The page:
Mental health charity Mind has revealed new research into men’s mental health showing that, while some progress has been made, men feel worried or low more regularly than ten years ago and are consequently twice as likely to feel suicidal.
‘Get It Off Your Chest: Men’s mental health 10 years on’ was commissioned by Mind as part of its charity partnership with the English Football League (EFL). The report compares new polling data from YouGov* with the same survey from 2009 to understand how the challenges facing men’s mental health have changed over the past decade.
The results paint a mixed picture, suggesting that, while men generally feel more able to seek help and open up about their mental health than a decade ago, those with current worries are still relying on coping mechanisms such as drinking alcohol alone (13 per cent vs 9 per cent) and taking recreational drugs (4 per cent vs 1 per cent).
Men’s help-seeking behaviour has improved to a degree and men are now almost three times more likely to see a therapist, if they felt worried or low for two weeks or more, than in 2009. Men’s willingness to seek support from their GP has also jumped significantly and they are now equally as willing as women to do this (both 35 per cent). This suggests that the stigma around seeking support is lessening, with awareness-raising campaigns such as Time to Change challenging stereotypes of the ‘strong, silent’ man.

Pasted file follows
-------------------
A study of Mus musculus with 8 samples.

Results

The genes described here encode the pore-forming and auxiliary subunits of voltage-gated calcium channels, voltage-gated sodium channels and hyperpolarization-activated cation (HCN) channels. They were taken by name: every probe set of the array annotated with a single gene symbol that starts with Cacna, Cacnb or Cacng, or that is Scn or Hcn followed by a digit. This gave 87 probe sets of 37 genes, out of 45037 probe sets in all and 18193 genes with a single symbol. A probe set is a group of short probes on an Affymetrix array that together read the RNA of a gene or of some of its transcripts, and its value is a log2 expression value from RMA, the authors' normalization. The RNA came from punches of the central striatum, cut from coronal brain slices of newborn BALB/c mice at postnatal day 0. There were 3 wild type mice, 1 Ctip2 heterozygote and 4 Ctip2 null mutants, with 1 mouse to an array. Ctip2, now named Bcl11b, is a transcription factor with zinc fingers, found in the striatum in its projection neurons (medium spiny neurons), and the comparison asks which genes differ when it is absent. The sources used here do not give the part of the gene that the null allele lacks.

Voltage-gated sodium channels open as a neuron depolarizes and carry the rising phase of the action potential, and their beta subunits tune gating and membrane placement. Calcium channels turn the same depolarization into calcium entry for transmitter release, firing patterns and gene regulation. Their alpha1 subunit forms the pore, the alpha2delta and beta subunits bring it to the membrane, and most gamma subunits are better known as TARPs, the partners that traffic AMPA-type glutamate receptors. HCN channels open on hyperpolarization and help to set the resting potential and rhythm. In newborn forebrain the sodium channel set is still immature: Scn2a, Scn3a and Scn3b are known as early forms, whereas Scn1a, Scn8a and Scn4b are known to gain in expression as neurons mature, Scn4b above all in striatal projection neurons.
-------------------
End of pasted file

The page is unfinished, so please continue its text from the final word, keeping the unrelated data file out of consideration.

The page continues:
The report also suggests that more effort should be made by healthcare professionals to provide alternatives to medication for men. While it is encouraging that men are now more willing to seek help, they are not always receiving a range of treatment options that suit them. When asked to imagine they were seeing a GP about feeling anxious or low and didn’t want to be prescribed medication, the top alternatives that men would prefer are face-to-face therapy (32 per cent), physical activity (15 per cent) or a social activity (14 per cent).
Mind has piloted a model for physical activity sessions through its Get Set to Go programme, which supports people with mental health problems to get more active. The programme was expanded in 2019 through Mind’s partnership with the English Football League (EFL) with participants finding it increased their ability to take part in physical activity but also improved their social support structures and self-esteem.
While social media was very much present in 2009, it is clear that its influence over men’s mental wellbeing is now significant, with more than one in three men (37 per cent) saying social media has a negative impact on how they feel. Whether related or not, the number of men who are worried about their appearance has risen from 18 per cent in 2009 to 23 per cent, with people aged 18-24 particularly affected (39 per cent).